You're trying to figure out how to securely store secret values, yet use them in your application, and the answer, generally, is to use some sort of secrets management system.
I really like Turtles All The Way Down because it does a good job of explaining the core problem with secrets management (you have to authenticate to the system, and where do you store that password?), as well as giving an overview of the most prominent current software solutions. It's a bit of a long talk, but it's worth watching.
Personally, I like Vault a lot to handle these sorts of situations. In a nutshell, the users' passwords get stored in an encrypted datastore; your sysadmins and application can access those passwords by making an API call to Vault. These API calls are logged for later audit purposes, and are authenticated through a session-like system, where you provide a password (for example; there are a number of auth options) and get back a token that gets stored for normal use, but which will periodically expire and can be explicitly revoked. This prevents an attacker who gains access to the token from gaining permanent access, and does the same for employees when they leave the company. This is roughly how other network-based vault systems, like Keywhiz, work as well.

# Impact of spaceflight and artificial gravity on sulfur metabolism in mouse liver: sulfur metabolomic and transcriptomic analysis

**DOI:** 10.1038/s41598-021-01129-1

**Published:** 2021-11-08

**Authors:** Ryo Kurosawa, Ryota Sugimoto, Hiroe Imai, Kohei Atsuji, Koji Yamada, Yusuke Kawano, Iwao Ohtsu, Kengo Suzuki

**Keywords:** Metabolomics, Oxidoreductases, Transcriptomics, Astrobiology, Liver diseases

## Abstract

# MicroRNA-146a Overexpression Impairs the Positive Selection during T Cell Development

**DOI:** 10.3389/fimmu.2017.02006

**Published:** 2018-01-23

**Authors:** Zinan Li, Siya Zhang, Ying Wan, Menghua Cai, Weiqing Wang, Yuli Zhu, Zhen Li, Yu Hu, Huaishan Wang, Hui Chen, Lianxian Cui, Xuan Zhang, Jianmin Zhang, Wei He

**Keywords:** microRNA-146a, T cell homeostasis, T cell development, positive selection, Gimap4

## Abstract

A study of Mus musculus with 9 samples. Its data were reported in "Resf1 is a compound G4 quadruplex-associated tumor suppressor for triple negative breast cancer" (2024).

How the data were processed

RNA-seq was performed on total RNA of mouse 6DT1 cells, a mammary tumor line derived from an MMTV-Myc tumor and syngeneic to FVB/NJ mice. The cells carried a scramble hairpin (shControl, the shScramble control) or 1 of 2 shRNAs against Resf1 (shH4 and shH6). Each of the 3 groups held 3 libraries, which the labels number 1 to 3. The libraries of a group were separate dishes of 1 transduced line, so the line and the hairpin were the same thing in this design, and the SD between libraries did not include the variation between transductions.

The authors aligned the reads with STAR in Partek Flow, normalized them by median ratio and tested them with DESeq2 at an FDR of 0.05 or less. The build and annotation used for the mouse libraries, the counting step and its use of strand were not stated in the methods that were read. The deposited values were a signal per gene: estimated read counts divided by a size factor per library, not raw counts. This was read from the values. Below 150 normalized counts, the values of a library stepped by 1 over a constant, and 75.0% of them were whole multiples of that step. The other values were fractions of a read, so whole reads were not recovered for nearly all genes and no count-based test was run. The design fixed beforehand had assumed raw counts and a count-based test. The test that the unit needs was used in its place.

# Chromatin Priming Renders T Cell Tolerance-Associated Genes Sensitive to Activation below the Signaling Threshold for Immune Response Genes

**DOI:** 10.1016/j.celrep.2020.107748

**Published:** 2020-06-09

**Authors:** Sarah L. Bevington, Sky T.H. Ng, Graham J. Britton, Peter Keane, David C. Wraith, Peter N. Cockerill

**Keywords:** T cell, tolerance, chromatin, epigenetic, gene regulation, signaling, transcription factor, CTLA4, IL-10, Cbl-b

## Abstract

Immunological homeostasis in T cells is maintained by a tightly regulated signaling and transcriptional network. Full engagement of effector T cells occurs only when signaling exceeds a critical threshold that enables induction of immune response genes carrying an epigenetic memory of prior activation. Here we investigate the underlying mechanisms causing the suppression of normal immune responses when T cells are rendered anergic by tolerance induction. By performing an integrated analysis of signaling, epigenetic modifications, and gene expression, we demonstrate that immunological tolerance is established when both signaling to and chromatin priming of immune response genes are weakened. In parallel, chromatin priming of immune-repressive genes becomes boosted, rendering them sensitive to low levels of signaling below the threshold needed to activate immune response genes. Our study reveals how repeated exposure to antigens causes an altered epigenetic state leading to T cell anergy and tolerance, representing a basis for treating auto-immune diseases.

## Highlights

There's a really important caveat to the last part of the previous paragraph: an attacker can use the token to access all users' stored passwords, and then continue to use those whether or not the stolen token expires. This attack comes about because you're storing static credentials (passwords). If instead you had to request temporary credentials from the third-party sites, then you could return those instead to your internal users, which keeps them from gaining permanent access without permanent access to Vault. Vault has support for a number of systems for doing this, but you're limited here to what the other sites support.